Update your library with the new crop of design-focused books hitting shelves this month. Just in time for spring renovations, get inspired with a close look at work from two of the most exciting architects in the industry today—Tokyo-based Shigeru Ban and New York’s Peter Marino. If your interiors need a boost, or you love to geek out on design history, a new book from Italian furniture brand Cassina celebrates the 50th anniversary of its iMaestri Collection, launched in 1973 to reissue pieces by some of the great design practitioners of the 20th century. Pick up one (or all three) for a lust-worthy dose of design that will have you rearranging rooms in your head before you even turn to chapter two.
50 Years of iMaestri
In honor of the collection’s 50th anniversary, the brand presents Echoes, Cassina. 50 Years of iMaestri, a volume from Rizzoli New York that explores its history and development. Diving into the work and life of each of the 14 names in the collection—Gerrit Thomas Rietveld, Charles Rennie Mackintosh, Charlotte Perriand, Pierre Jeanneret, and others—the book includes historical materials (many previously unpublished) such as sketches, technical drawings, letters, and period photographs, all of which illustrate the craft, creativity, and innovation that made these designers superstars. Subverting the idea of a static historical archive, Cassina continues to add names to the iMaestri coterie: Its forthcoming partnership with Eames Office will include the launch of a lighting collection during April’s Milan Design Week.
Tiffany & Co.: The Landmark
In April 2023, New York’s Tiffany & Co. Landmark building reopened after a complete, multiyear renovation. This month, Assouline is releasing Tiffany & Co.: The Landmark, a title dedicated to the Fifth Avenue stronghold—and to the centuries-old legacy of craftsmanship that goes into pieces offered by the storied house, from its famous stained-glass lamps and silverwork to the jewelry in the iconic blue box.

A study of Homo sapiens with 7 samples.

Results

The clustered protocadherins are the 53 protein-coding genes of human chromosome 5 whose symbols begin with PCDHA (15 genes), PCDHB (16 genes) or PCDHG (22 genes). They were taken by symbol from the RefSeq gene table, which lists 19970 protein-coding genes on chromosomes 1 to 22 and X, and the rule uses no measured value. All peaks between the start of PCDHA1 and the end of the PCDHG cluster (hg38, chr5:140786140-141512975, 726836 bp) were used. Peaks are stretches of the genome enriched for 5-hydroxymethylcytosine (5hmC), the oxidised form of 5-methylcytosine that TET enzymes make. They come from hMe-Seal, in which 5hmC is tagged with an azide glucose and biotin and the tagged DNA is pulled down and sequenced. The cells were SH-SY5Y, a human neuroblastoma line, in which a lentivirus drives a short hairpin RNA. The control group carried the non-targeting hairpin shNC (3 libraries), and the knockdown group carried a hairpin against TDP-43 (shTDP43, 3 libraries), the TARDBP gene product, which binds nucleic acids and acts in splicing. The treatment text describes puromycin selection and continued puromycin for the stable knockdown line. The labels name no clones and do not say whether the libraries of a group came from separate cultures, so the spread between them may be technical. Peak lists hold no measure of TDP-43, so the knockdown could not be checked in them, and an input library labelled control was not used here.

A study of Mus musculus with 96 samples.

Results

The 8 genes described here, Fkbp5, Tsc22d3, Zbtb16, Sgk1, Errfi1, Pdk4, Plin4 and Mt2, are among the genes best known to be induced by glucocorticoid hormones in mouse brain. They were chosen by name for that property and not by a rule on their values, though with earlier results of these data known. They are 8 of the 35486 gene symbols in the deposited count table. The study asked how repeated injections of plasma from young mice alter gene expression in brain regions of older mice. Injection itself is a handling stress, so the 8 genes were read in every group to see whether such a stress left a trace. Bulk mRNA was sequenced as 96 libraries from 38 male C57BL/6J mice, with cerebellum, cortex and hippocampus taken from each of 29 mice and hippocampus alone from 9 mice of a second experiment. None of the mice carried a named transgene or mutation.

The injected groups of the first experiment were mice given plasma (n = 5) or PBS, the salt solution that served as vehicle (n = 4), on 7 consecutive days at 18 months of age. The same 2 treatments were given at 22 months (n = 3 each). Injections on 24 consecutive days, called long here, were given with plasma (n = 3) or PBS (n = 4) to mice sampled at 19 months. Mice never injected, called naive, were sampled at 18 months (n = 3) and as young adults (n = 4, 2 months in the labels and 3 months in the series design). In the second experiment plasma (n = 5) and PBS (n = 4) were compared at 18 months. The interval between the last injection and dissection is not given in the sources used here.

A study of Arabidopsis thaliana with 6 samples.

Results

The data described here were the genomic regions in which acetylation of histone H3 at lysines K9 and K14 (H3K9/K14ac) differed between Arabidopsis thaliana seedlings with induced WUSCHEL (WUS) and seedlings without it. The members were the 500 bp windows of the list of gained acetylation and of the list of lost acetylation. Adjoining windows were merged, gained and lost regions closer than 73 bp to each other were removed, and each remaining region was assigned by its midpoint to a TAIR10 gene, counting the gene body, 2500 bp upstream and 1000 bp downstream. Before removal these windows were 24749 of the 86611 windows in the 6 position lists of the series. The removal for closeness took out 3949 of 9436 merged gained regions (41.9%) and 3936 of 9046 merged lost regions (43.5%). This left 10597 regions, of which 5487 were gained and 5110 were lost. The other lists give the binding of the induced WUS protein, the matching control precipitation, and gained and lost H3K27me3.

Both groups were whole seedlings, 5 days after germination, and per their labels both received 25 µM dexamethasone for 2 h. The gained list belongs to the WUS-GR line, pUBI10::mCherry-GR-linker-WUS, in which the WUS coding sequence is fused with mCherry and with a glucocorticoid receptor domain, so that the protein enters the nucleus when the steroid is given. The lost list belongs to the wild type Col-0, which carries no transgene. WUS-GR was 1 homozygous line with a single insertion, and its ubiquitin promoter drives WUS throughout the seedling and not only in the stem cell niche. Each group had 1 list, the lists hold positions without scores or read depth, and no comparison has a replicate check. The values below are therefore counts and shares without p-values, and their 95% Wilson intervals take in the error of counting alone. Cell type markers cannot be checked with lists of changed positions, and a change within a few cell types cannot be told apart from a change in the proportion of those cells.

Get an up-close look at the remodeling process and learn more about the inspiration behind the bright and airy interiors designed by architect Peter Marino. Covering 10 stories—including a new three-level exhibition and event space designed by Shohei Shigematsu of the Office for Metropolitan Architecture—the art-forward redesign transforms the brand’s flagship, which originally opened in 1940, beyond just a shopping destination: With works by Daniel Arsham, Sarah Sze, Rashid Johnson, Julian Schnabel, and dozens more, the Tiffany Landmark now reads like a who’s-who of the contemporary-art world, blurring the line between boutique and gallery in an elegantly thoughtful way.
Karl Lagerfeld: A Life in Houses
Some people amass art and furniture, others go for houses and cars. Karl Lagerfeld collected it all. The late fashion designer and Chanel creative director is believed to have owned upwards of 20 properties in his lifetime; a recent release from Thames & Hudson, Karl Lagerfeld: A Life in Houses, explores 13 of those homes in impressive depth.
Written by Patrick Mauriès and former Architectural Digest France editor in chief Marie Kalt, this publication is the first dedicated exclusively to Lagerfeld’s residences, most of which were in Italy and France. Using interiors to track the designer’s personal and stylistic evolution, the book includes dozens of images showing Lagerfeld’s spaces, as well as the exacting designer amid his many notable acquisitions, from an array of Art Deco furniture and Memphis Group pieces to the objects of his true passion: 18th-century furnishings and objets d’art. It is said that you can tell a lot about a person from the spaces they inhabit, and though Lagerfeld came across as rigid in public, Mauriès writes that he also “loved to be playful, not only with the spirit of the age but also with the spirit of places.”